If you come out of number 29 and head southwest down Watford Road (the A412), that is in the opposite direction to Watford, you go down Scott's Hill into Rickmansworth. In many respects Croxley Green is actually part of Rickmansworth - its council, postal address and telephone numbers all place it there. Rickmansworth School (formerly Rickmansworth Grammar School) is in Croxley,at the top of Scott's Hill opposite All Saints' Church. To Croxley boys growing up in the fifties and sixties though it was definitely a separate place, albeit an interesting place with good memories.
One of my first memories of Rickmansworth was Saturday morning pictures at the Picture Palace cinema just as you go into the town from the Croxley side. Black and white cowboy films and space adventures. The cinema now is long gone but it was great for us in the days when daytime television did not exist. Our parents were probably pleased to have some time without us around too!
Rickmansworth had some reasonable sized shops if you didn't want to go into Watford - W H Smith and Woolworths for example. These days there is a Waitrose and a Marks and Spencer
food shop as well as such delights as Caffe Nero. In the sixties my mother's favourite shop was the Swiss Delicatessen in Church Street which also had a cafe. We would pretty much always go there if we were in "Ricky". Also in Church Street there was a music shop selling records, sheet music and musical instruments. I purchased my first single there - Apache by the Shadows for six shillings and eight pence. Later I bought my first guitar there, a lovely German instrument called a Hawk - a real bargain. I was a regular in that shop also buying lots of sheet music and song books by Joan Baez and Tom Paxton.
As young boys we would often go down into Rickmansworth via Croxley woods which then also took us by the River Chess, a lovely chalk stream with plenty of fish and other wildlife and watercress beds. I remember fishing there with Ron Sharp and catching a fairly disgusting looking fish that we took home and insisted on having cooked for tea! Another route into Rickmansworth was along the Grand Union canal from Croxley moor near the Dickinson's paper mill. It was fascinating to see the locks in action with barges from London and Birmingham passing by. Another place we would visit was the Aquadrome, a wildlife sanctuary and outdoor leisure venue that had been created from old gravel pits. I can recall taking a young lady from Croxley there for a walk one summer afternoon and then being told when I tried to kiss her that she didn't fancy me!
When I was still at Primary School there was a class visit to Mr Findlay's farm just outside Mill End, the other side of Rickmansworth. I can remember that we drank fresh milk (still warm) that we had seen being extracted from the cows.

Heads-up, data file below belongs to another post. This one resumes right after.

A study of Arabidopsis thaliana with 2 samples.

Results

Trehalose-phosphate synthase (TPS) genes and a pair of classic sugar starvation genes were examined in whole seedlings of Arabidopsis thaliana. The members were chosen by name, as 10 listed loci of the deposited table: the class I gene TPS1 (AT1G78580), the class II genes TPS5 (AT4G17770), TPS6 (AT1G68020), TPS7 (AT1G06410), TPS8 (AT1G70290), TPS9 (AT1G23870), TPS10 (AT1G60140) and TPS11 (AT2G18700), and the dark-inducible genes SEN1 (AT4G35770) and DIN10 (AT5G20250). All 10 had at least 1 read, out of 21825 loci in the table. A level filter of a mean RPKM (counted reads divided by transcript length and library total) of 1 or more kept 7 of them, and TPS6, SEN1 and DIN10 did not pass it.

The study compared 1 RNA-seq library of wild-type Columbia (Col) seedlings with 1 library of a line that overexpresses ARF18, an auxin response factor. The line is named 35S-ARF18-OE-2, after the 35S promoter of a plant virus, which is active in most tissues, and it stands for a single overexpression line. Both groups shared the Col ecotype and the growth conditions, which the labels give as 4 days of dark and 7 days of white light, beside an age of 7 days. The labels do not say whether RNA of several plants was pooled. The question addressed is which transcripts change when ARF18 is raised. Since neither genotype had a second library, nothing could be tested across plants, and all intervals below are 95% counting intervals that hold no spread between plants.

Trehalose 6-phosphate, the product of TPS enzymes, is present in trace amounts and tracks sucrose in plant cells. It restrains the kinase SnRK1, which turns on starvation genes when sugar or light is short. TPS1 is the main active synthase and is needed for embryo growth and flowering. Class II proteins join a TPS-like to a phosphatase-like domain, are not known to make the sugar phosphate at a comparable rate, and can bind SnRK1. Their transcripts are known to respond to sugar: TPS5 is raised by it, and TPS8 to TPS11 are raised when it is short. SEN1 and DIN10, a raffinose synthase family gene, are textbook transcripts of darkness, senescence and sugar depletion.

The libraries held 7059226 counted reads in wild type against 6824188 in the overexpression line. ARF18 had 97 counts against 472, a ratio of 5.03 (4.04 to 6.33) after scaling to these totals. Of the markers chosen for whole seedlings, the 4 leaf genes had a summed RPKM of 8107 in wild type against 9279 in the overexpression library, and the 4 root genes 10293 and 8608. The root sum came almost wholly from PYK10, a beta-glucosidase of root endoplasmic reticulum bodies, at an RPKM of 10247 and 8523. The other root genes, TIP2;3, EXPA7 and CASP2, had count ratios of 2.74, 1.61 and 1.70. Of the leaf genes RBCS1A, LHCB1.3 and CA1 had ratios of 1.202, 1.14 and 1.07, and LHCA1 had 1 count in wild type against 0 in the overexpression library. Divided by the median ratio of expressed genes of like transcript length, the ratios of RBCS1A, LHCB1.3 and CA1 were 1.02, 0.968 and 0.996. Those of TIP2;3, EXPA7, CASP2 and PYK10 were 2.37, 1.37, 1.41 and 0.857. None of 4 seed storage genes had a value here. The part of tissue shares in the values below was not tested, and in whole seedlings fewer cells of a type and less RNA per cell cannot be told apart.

If we didn't fancy walking or cycling to Rickmansworth we could always catch the 321 bus. I was never a trainspotter but I did go through a phase of collecting bus numbers. In those days most of the green London Transport buses were of the RT class but there were also RTLs, RFs and single decker GSs on some routes. I think the books we used were published by Ian Allan and I can see from eBay that they are still valued.
When I first met Pauline one of her sisters, Mavis, lived in Hazlemere, a suburb of High Wycombe. In the Easter of 1970 Pauline stayed with her sister and got a job doing data entry for the G D Searle company. We arranged to meet in Rickmansworth and she travelled over by train. As she got off the train and I saw her coming towards me I suddenly had the feeling that this was not just the latest of my girlfriends but the person I wanted to spend the rest of my life with. I was right.
Sadly neither Mavis, nor her husband John are still with us. But in a remarkable set of interconnections dating back to the fifties there are some interesting links. Like Pauline and Mavis, John was originally from Nottingham. But working for a bank he was based for a while in Rickmansworth. I remember watching a few football matches involving Rickmansworth Town in the early sixties. From what John told me later it was probably him that I saw playing on the left wing. Mavis and John had two daughters,Heather and Claire. Heather was our bridesmaid and Claire has always been close to us too. When Claire was still quite young Mavis broke her hip and Claire came to stay with us for a while. Much later Claire went to Bristol University where she met Chris Field, a young vetinary student from St Albans. They are now married with two lovely sons, who are being properly brought up as Watford supporters. One big Hornet family!